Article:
Fundraisers, regulators and other key stakeholders came together at the fundraising summit in London today, which continues until 1pm.
The main points so far include:
Rob Wilson, the Minister for Civil Society, said the sector came extremely close to having statutory regulation imposed on it during the summer. It was "on a knife edge", he said.
Wilson said the Fundraising Preference Service should not be the main point of interaction for donors with charities, and consideration would be given to an exemption for small charities from it.
He said he had no problem with an FPS that, in addition to being a "reset button", allowed people to make a "more nuanced choice" about charities they wanted to continue to hear from.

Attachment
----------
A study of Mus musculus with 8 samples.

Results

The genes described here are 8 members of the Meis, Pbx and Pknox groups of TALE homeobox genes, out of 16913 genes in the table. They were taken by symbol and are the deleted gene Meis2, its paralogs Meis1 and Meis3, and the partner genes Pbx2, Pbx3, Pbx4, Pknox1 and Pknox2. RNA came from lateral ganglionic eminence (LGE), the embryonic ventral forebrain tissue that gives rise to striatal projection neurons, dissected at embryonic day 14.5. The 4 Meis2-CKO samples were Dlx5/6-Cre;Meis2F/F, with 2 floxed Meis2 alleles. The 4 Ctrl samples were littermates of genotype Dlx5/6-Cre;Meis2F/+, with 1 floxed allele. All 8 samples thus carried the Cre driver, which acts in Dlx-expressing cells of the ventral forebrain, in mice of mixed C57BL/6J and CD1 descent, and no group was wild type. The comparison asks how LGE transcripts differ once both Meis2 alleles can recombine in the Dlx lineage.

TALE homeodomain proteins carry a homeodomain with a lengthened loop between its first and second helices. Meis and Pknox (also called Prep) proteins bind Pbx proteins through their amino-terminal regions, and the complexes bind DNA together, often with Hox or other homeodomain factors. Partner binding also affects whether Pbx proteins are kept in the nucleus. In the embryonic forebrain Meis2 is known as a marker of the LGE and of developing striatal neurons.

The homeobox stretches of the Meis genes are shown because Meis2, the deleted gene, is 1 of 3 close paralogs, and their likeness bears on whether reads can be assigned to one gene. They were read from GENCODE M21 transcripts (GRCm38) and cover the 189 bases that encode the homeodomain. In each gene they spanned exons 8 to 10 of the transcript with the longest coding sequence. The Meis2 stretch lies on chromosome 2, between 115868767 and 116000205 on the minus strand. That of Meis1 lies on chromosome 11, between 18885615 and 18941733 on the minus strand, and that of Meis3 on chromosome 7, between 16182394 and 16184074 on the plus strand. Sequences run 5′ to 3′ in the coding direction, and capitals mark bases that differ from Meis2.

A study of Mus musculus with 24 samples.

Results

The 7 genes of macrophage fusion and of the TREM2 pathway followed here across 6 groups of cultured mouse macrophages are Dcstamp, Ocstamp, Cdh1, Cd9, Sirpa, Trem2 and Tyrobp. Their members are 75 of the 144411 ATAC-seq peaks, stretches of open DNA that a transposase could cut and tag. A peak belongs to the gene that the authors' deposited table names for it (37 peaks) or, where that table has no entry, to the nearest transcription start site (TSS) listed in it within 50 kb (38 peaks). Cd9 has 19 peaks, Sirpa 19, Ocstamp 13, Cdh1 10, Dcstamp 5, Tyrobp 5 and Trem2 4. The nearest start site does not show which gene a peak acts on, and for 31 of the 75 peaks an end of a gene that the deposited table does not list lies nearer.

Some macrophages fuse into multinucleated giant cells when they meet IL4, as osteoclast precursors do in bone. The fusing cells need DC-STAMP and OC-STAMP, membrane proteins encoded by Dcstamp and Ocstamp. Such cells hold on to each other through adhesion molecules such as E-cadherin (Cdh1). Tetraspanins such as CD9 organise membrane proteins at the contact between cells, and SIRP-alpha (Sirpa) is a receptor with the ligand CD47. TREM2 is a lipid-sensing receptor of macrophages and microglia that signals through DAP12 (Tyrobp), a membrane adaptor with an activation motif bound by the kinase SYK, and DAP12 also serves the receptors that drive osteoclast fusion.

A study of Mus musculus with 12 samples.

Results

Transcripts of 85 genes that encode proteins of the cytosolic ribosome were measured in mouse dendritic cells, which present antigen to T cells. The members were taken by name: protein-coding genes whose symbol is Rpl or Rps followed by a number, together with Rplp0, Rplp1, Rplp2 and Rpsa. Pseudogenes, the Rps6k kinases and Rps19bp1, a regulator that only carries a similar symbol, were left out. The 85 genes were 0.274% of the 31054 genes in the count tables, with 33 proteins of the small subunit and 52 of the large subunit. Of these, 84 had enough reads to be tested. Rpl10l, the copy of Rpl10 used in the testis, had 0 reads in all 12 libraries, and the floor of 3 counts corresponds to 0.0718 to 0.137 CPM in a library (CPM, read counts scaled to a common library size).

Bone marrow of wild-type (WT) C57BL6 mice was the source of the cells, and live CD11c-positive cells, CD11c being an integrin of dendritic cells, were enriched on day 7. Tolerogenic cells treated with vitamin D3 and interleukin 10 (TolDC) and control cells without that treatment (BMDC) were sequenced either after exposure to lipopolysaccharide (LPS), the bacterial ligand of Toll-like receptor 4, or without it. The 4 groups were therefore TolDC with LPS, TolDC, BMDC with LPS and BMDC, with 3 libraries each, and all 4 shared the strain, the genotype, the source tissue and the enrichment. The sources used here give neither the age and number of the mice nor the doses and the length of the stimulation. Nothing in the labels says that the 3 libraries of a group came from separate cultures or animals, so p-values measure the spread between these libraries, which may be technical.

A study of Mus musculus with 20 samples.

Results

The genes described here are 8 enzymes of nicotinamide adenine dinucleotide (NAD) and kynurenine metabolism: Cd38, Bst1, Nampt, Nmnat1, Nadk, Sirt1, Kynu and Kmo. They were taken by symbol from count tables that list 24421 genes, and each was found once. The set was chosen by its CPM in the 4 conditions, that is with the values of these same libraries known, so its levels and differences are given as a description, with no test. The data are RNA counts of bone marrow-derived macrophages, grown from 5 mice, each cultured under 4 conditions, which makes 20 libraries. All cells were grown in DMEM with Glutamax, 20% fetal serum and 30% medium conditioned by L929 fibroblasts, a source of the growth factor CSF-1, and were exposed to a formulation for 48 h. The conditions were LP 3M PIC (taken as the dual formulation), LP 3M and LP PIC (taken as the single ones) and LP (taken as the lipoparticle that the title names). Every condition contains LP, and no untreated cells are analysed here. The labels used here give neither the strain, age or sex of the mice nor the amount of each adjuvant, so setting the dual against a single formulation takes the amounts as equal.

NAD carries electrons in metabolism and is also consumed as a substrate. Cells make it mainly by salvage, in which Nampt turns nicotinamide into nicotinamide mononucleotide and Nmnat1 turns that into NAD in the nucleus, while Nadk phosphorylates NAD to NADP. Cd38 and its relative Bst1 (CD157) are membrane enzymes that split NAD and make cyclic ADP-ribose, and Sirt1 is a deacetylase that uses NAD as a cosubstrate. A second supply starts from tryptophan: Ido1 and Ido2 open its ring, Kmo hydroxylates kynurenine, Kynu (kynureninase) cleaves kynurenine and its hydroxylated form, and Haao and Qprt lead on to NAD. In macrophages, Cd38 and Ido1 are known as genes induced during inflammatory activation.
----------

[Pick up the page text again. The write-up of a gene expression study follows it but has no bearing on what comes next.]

Lord Grade, interim chair of the Fundraising Regulator, said his greatest qualification for his new role was that "I have been very seriously regulated in life-and-death situations in broadcasting" and he knew how "annoying and ignorant" regulators could be.
He said he hoped to have a chief executive in post by Christmas. The job was not being advertised and he was approaching candidates privately, he said.
George Kidd, chair of the Direct Marketing Commission, will chair the working group into the establishment of the FPS. He told the meeting he had had close association with the Direct Marketing Association and the Telephone Preference Service and had 20 years of experience in government.
"Regulation is what I do," he said.
Watch the remainder of the meeting here.